Seattle Unity Easter Sunday Videos 04-16-2017—”Breaking Through”

Easter Sunday Service Videos April 16, 2017—”Breaking Through”—Here are the links and players to the music videos and sermon from 04-16-2017, with Rev. Karen Lindvig’s sermon titled “Breaking Through.” In this Easter Sunday sermon titled “Breaking Through,” Rev. Karen Lindvig recounts the story of Jesus on Easter Sunday, as a parable for all people for times when they need to break through into an enhanced consciousness. Consistent with the theme of April 2017—”Breaking Through”—Rev. Karen describes the Easter story of the death, entombment, and resurrection of Jesus. (More details are below.)

 

Erin McGaughan Sings “Processional In Paradisum”










http://seattleunity.org—In this Easter Sunday sermon titled “Breaking Through,” Rev. Karen Lindvig recounts the story of Jesus on Easter Sunday, as a parable for all people, for times when they need to break through into an enhanced consciousness. Consistent with the theme of April 2017—”Breaking Through”—Rev. Karen describes the Easter story of the death, entombment, and resurrection of Jesus. She traces the history of the holiday of Easter including the return of spring, the rise, fall and rise again of Jesus; how the story of death and rebirth is a universal story each of us embodies in our life; and how understanding the story enables us to grow and further the evolution of our personal and collective consciousness for each of us individually, and for Humanity.

 

Quotations related to this Easter sermon:

Mark 16:1-7:  When the Sabbath was over, Mary Magdalene, Mary the mother of James, and Salome bought spices so that they might go to anoint Jesus’ body. Very early on the first day of the week, just after sunrise, they were on their way to the tomb and they asked each other, “Who will roll the stone away from the entrance of the tomb?” But when they looked up, they saw that the stone, which was very large, had been rolled away. As they entered the tomb, they saw a young man dressed in a white robe sitting on the right side, and they were alarmed. “Don’t be alarmed,” he said. “You are looking for Jesus the Nazarene, who was crucified. He has risen! He is not here. See the place where they laid him.  But go, tell his disciples and Peter, ‘He is going ahead of you into Galilee. There you will see him, just as he told you.’”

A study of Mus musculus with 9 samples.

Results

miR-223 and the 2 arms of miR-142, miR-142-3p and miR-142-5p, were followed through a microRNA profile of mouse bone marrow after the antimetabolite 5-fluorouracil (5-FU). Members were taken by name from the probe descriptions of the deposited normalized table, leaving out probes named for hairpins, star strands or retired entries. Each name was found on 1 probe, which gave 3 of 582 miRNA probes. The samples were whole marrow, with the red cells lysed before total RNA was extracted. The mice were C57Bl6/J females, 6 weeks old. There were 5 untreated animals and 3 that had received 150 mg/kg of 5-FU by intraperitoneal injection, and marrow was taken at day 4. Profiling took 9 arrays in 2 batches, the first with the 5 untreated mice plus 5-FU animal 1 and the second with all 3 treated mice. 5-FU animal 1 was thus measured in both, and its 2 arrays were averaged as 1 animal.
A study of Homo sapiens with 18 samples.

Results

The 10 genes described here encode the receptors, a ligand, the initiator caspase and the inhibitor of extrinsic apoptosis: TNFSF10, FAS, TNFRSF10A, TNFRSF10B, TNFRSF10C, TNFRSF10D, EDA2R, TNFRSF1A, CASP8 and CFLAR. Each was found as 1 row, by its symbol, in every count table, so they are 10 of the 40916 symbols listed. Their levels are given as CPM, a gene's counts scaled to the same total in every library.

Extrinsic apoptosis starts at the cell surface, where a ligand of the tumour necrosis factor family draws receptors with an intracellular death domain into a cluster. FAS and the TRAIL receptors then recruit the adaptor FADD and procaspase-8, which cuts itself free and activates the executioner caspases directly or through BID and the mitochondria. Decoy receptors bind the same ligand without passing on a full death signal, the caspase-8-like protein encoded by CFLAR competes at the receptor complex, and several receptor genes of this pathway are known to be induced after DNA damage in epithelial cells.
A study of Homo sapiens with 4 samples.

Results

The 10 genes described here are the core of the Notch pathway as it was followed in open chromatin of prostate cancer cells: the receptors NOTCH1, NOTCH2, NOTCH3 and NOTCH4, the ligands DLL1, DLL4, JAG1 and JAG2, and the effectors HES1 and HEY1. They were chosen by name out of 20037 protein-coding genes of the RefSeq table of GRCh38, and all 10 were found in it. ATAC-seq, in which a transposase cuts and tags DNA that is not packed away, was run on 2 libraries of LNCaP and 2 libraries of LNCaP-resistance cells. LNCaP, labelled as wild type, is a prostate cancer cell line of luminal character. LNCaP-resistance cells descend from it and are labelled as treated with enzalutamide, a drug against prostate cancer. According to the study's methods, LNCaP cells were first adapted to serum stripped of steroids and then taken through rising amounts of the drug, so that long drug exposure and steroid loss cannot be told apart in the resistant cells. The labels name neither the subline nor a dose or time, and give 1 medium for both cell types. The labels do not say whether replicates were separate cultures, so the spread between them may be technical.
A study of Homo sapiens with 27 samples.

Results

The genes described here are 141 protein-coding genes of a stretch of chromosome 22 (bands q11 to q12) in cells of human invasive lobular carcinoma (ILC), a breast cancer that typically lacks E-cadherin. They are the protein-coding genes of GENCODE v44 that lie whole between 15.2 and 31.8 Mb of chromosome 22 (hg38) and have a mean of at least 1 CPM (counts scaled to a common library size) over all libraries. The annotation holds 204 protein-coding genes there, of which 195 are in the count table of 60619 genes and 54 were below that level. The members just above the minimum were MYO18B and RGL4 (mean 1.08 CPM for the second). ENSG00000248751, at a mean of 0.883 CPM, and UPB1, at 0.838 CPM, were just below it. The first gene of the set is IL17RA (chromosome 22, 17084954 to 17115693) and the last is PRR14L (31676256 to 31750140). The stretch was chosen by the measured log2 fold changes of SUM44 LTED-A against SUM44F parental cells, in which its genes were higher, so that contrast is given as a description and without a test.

Jean Houston: “The resurrection story of Jesus differs radically from that of the traditional mystery cult figures. By being historical, by living a human existence in space and time, Jesus brought a new dimension, that of human experience, to the trans personal and archetypal dimension of God-Identity. Indeed, the power of this principle was so strong that it re-ordered that cold flesh to warm life, and brought into the world a spirit of renewal that had never been known before. How was this accomplished? This implies that a new order has been created within spirit, within nature, within the soul, within the meaning and matter of history. Here we move out beyond miracle into the heart of mystery and consciousness grows into the capacity for co-creation with God. The world turns a corner and true partnership between divine and human realms becomes possible. We long for the call: ‘Arise, Maiden, Madam, Sir, Doctor. Arise! Arise!’ We long for resurrection and we refuse to believe the signs that it may already by in our midst. Resurrected ones are walking among us.”